PORTLAND — Six Maine counties are hoping the state’s highest court will overturn a lower court decision that sided with a Cumberland company seeking registry of deeds documents at a lower cost than the counties want to charge.
MacImage of Maine, joined by the American Civil Liberties Union of Maine and the Maine Freedom of Information Coalition, argued Dec. 13 that the registries of deeds’ records are public under state law and that the public is allowed to inspect and copy those records at a reasonable cost.
The company intends to create a website containing the registries of deeds records and charge for access.
“All along for me, it’s been as much about a business venture as it has been about providing a better … public service, and stepping in and making things work better where government hasn’t been able to do so,” MacImage owner John Simpson said last week.
“It’s been a very long road, and hopefully we’ve paved the way that will make it easier for other people trying to get public records in the future,” he said.
A gratifying aspect of the appeal is the involvement of the Maine Freedom of Information Coalition and ACLU of Maine joining MacImage’s cause, Simpson said.
Sigmund Schutz, a Portland lawyer who represents MacImage, said a legislative effort to retroactively impose a different fee schedule for public records is unconstitutional.
“It’s hard to get the court to declare a law unconstitutional,” Simpson said. “That’s the biggest hurdle we have to overcome here. I think we have a good shot at it; I think we’ve made some very good arguments.”
When MacImage sent its request for all electronic data files for six counties’ land records and grantor-grantee indexes, it was told the cost would be more than $1 million.
MacImage sued after the counties failed to provide the requested documents at what the company considered a “reasonable” price.
A Maine Superior Court judge found earlier this year in favor of MacImage. He said he was sympathetic to the counties, who sought to “maintain the integrity of their registries against an entity they perceive as an interloper and to protect their sources of revenue against competition.”
But, Justice Thomas Warren said, “that does not permit them to charge fees that cannot be justified under the Freedom of Access law.”
The counties appealed Warren’s ruling.
Peter Marchesi, a Waterville lawyer representing the counties of Androscoggin, Aroostook, Cumberland, Knox, Penobscot and York, said the issue isn’t whether the documents at the registries are public, but rather in what format the information is available and at what cost.
The counties are willing to provide the documents in the form that the public now views and copies them. The counties don’t want to change their software, change or reconfigure their databases. That would require new capital investment in software and hardware to accommodate one member of the public.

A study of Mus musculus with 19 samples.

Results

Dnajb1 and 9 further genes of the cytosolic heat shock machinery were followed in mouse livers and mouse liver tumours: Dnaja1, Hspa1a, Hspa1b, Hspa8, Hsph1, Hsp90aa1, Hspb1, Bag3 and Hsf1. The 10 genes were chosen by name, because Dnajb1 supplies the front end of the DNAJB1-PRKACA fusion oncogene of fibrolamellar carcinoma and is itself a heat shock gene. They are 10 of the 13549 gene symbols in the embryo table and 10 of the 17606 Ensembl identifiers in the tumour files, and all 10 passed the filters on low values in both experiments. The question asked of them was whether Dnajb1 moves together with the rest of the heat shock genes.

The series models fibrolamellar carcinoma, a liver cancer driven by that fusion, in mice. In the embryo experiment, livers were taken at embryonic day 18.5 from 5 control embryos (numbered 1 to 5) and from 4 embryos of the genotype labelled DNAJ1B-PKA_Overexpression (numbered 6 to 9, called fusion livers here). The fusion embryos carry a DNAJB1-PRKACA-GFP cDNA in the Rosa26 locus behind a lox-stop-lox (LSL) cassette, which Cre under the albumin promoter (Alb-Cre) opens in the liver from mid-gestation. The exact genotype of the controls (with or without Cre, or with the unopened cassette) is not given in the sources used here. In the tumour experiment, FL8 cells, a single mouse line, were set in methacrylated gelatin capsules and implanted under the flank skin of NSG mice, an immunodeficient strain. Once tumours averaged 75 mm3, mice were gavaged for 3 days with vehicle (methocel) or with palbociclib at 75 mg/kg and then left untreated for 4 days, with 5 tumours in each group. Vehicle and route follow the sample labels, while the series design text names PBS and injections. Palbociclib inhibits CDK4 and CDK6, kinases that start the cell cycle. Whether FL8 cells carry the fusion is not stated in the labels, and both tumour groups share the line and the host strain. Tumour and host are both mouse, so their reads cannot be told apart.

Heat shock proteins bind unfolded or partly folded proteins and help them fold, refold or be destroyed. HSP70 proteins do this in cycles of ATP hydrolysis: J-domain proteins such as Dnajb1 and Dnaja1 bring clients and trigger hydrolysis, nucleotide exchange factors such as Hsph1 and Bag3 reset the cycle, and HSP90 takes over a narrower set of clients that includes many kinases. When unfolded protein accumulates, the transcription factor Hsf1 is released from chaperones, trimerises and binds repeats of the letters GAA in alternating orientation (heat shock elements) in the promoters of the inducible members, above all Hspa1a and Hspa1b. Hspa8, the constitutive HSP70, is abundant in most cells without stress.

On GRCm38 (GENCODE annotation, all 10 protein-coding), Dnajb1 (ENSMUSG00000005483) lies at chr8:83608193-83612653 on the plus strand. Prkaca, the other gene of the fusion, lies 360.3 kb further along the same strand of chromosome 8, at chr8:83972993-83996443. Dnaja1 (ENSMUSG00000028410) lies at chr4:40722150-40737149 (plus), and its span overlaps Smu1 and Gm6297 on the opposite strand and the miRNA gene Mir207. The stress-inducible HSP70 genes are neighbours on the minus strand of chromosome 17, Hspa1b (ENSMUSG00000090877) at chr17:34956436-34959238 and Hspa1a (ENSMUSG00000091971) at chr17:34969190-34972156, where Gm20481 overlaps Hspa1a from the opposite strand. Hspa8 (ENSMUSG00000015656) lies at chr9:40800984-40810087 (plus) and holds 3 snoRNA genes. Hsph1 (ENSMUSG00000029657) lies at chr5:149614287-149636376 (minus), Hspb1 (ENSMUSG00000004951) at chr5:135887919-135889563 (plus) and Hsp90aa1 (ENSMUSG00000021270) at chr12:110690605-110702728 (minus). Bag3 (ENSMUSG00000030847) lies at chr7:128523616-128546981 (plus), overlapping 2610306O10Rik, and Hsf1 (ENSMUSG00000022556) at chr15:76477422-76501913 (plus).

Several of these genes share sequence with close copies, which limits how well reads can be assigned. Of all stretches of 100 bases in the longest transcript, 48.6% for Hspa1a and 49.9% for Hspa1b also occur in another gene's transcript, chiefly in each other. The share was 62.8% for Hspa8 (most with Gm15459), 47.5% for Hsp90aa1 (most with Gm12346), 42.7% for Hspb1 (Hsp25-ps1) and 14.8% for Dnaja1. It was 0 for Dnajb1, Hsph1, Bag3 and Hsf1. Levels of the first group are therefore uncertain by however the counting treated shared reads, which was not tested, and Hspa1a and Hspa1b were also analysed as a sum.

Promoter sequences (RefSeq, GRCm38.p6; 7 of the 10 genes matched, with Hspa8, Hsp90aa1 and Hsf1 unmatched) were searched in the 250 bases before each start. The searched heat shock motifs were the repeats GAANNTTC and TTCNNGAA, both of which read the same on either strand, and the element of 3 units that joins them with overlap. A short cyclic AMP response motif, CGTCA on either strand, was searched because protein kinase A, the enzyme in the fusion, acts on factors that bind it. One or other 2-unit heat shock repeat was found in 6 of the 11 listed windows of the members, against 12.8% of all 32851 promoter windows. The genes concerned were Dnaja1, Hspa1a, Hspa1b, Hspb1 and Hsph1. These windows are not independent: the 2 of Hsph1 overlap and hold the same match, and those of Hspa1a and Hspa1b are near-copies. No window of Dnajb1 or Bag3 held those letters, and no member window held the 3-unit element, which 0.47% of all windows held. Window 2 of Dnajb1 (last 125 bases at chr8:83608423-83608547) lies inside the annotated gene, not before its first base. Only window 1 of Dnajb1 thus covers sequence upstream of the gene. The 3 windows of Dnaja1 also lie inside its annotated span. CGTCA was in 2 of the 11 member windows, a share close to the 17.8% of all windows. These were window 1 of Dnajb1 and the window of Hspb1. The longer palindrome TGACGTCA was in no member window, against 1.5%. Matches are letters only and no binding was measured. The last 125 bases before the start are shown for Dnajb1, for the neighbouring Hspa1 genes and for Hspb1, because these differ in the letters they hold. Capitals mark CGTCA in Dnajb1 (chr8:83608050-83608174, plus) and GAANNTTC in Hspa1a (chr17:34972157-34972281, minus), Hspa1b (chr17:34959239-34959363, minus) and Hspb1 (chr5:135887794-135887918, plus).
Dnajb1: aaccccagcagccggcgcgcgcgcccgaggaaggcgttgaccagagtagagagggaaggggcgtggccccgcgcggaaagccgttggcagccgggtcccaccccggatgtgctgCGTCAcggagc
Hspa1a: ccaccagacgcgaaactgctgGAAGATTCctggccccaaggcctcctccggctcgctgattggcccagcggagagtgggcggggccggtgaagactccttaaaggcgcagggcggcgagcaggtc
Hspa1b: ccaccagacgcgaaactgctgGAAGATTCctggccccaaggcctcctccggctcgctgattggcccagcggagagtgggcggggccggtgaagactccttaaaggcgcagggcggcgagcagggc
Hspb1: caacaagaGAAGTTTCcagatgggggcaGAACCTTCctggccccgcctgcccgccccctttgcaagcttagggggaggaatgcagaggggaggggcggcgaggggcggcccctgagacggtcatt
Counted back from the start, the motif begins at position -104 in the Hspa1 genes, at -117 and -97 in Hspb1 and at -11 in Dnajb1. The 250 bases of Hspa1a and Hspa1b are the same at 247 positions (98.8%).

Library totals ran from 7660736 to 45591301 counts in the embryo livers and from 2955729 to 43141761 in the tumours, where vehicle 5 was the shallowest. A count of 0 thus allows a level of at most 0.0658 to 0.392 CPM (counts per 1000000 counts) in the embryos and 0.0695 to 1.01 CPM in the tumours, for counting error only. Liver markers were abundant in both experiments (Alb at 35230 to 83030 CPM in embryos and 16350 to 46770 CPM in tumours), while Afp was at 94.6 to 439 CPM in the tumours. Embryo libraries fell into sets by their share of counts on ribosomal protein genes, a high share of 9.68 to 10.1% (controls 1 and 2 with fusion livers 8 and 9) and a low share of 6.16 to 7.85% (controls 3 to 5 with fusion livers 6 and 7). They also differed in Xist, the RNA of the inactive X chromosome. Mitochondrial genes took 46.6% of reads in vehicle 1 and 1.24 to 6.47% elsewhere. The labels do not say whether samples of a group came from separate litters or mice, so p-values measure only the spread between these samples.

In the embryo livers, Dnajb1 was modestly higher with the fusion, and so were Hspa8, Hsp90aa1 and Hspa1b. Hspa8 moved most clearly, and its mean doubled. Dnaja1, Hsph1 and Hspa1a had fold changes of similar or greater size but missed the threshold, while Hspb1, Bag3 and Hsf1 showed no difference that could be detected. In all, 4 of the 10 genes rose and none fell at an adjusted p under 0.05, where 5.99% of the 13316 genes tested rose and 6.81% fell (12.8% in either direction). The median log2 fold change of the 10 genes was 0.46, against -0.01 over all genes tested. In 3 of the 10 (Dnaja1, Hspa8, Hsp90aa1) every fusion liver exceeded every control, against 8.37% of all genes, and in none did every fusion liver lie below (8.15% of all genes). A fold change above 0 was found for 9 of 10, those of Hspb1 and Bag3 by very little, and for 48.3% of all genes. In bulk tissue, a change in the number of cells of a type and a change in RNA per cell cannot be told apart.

Marchesi, during oral arguments before the Maine Supreme Judicial Court, said the counties have contractual obligations to vendors that control the software the counties use at their respective registries of deeds and those vendors control the formatting.
Chief Justice Leigh Saufley said that factoring in the cost of paying the various vendors to make the data available “might be appropriate to this discussion,” but “it’s very clear … government cannot keep records from the public that the Legislature has said must be made public by contracting with a private party who then says, ‘I’m not giving them out.'”
Marchesi said the issues are cost and method of delivery.
Schutz said the counties only have to let MacImage plug into their computers and external hard drives, then type into their computers commands that would start the upload process. He said MacImage would provide the hardware and manpower to complete the process.
Asked by Justice Warren Silver whether there might be data on a county computer that isn’t in the public record and shouldn’t be uploaded, Schutz said the county could simply edit out that information.
Saufley said, “It’s not a plug and play issue,” because redacting information from the database would require some level of technical expertise to sort through the database for which information is public and which is not.
Schutz said Maine’s Freedom of Access Act allows a public entity to charge a fee for those services.
What, Justice Donald Alexander asked, would prevent someone from going to every town and demanding all public records in a desired format?
The state law allowing members of the public to access public records is “not designed to make a government job easy,” said Patrick Strawbridge, who represented the Maine Freedom of Information Coalition. “It’s designed to make it open.”
Saufley asked whether the public access law addresses the issue of formatting.
The law says the documents have to provided in the manner they’re kept, unless they’re not kept in an “easily discernible format.” If they must be reduced in order to make them accessible, the public entity can charge a reasonable fee to cover that cost, Strawbridge said.
A decision is not expected for several months.